Why can’t we just say what we think about basic research?
The second important flaw in the usual antithesis is that these two widespread and ancient modes of thinking about science, pure versus applied, have tended to displace and derogate a third way that combines aspects of the two. This third mode now deserves the attention of researchers and policymakers.—Holton and Sonnert
These two sentences capture for me what is wrong with much writing on basic research. This long-suffering third-mode, displaced and derogated by researchers and policymakers alike, was in fact advanced by Thomas Jefferson when he funded the Lewis and Clark expedition. Holton and Sonnert were surely after aware of this fact because they discussed it shortly after the passage above. Their catchy phrase for such work–Jeffersonian science–is even in the essay’s title. Holton and Sonnert also acknowledge that defense and health science funding are “dramatic and successful examples” of Jeffersonian science. So what then are they saying? That even though the U.S. funded Jeffersonian science in the past, funds it today, and will fund it in the future…policymakers are still unaware of it?
And what did Lewis Branscomb mean when he insisted we should not “settle for a [basic/applied research] dichotomy” because Jeffersonian research is a “central element of a new model?” Branscomb too was surely aware that Jeffersonian research is not new and has existed since the times of, well, Jefferson. And how about Roger Pielke Jr.’s call for a “new understanding of how science serves national needs” and research that reflects the “broader scope of considerations relevant to practical problems.” Roger must also know that the U.S. has been doing as such for two hundred years now.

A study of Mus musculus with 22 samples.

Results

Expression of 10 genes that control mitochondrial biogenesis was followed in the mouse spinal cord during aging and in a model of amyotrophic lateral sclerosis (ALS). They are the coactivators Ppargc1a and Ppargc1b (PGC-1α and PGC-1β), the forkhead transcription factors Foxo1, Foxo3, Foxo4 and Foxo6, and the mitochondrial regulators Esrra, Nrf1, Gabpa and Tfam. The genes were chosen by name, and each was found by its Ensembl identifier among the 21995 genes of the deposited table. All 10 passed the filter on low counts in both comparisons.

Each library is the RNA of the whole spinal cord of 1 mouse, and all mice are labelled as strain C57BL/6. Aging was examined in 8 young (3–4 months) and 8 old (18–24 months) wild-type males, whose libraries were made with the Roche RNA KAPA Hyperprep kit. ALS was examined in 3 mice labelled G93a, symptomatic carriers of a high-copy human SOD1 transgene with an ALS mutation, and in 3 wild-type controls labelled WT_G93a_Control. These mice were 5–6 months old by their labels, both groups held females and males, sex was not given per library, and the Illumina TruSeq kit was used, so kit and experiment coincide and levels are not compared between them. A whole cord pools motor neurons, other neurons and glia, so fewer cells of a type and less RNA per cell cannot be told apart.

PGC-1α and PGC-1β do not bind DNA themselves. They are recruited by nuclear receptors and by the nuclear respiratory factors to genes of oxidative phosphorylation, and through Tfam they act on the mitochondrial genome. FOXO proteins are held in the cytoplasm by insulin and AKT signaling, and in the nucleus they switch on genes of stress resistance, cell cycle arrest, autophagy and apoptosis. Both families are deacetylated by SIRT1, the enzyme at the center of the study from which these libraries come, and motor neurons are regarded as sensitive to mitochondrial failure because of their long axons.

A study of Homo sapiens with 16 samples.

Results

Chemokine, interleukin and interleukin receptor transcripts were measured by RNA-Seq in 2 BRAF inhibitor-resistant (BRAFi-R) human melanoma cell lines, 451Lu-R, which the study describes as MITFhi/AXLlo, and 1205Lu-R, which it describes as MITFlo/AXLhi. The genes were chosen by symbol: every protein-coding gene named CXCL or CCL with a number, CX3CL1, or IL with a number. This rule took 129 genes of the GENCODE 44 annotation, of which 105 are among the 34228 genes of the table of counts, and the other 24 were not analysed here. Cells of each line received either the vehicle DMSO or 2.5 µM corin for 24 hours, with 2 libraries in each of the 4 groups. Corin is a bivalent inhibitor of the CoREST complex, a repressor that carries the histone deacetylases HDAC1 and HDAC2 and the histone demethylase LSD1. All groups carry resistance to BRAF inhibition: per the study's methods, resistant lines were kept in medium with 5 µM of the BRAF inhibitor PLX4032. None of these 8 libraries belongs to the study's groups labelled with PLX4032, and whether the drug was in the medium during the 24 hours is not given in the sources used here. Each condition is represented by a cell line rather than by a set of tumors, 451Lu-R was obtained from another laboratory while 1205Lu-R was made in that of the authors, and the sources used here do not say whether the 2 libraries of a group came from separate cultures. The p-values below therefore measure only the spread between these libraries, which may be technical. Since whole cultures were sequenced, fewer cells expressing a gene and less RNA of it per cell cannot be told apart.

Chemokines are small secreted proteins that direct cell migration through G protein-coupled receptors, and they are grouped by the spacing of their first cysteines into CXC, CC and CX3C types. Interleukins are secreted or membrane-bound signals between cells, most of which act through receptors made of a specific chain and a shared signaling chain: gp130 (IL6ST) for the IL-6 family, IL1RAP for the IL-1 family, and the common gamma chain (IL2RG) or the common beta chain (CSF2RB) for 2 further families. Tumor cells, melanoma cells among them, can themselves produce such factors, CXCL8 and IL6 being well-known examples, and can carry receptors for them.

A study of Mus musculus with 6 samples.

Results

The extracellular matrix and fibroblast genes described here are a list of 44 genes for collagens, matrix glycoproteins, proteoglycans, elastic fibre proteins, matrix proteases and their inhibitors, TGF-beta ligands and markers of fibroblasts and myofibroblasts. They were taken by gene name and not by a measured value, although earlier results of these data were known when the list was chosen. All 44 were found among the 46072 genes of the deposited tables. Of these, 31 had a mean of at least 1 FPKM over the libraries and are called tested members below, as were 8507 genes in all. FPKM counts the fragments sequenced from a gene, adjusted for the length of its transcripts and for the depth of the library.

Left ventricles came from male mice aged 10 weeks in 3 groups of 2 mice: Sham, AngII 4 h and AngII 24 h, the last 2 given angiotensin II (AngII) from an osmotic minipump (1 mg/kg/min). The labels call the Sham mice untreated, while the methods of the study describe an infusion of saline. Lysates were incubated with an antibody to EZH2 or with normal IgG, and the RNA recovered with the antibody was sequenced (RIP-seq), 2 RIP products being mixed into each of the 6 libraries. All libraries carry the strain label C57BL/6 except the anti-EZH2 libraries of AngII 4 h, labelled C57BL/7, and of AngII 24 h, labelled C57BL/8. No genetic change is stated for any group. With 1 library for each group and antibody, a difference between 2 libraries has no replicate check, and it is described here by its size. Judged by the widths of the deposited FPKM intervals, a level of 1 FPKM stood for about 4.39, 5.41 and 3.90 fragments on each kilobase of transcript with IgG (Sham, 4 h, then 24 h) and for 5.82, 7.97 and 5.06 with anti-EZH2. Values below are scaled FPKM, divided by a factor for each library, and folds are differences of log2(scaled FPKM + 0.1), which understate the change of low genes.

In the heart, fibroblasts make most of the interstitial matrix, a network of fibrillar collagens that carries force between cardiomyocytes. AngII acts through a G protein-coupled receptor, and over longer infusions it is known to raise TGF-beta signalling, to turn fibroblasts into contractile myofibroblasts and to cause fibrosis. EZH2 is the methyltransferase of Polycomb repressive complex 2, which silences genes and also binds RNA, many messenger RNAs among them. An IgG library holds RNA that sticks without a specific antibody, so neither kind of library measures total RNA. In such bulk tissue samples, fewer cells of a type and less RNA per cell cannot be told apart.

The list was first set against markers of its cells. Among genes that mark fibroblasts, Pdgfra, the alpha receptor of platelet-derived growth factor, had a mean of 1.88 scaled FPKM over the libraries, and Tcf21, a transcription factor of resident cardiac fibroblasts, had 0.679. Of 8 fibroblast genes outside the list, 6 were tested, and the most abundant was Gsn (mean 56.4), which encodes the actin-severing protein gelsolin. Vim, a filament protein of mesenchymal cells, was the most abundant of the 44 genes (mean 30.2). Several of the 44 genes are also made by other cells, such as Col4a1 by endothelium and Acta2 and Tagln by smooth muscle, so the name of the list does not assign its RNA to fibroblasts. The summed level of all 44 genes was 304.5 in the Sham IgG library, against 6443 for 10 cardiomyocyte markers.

This lack of specificity carried over to their policy recommendations, and I was left wondering what exactly they wanted. Is it that we should spend less on basic and applied work but more on Jeffersonian? Or should we increase the amount spent on Jeffersonian while keeping the rest constant? Or perhaps basic and applied work should be mostly eliminated in favor of Jeffersonian?
I don’t mean to be too critical. I thoroughly enjoyed Lewis Branscomb’s talk at the 2010 AAAS annual meeting. I look forward to reading Holton’s “Thematic Origins of Scientific Thought.” And Roger Pielke has deeply influenced my thinking on science policy and politics. I continue to visit his blog every day. But I think in this case they weren’t as clear as they could have been.
From what I can tell, Branscomb et al. simply think Jeffersonian research is more meaningful and important than basic research and they want scientists to think so too. But for some reason they can’t just come out and say that. When it comes to this topic, being direct and to the point appears to be difficult. I think we can all learn from Jane Lubchenco’s 1998 address to AAAS: “Urgent and unprecedented environmental and social changes challenge scientists to define a new social contract. This contract represents a commitment on the part of all scientists to devote their energies and talents to the most pressing problems of the day, in proportion to their importance, in exchange for public funding.” While I may not agree with her, at least I know what she thinks.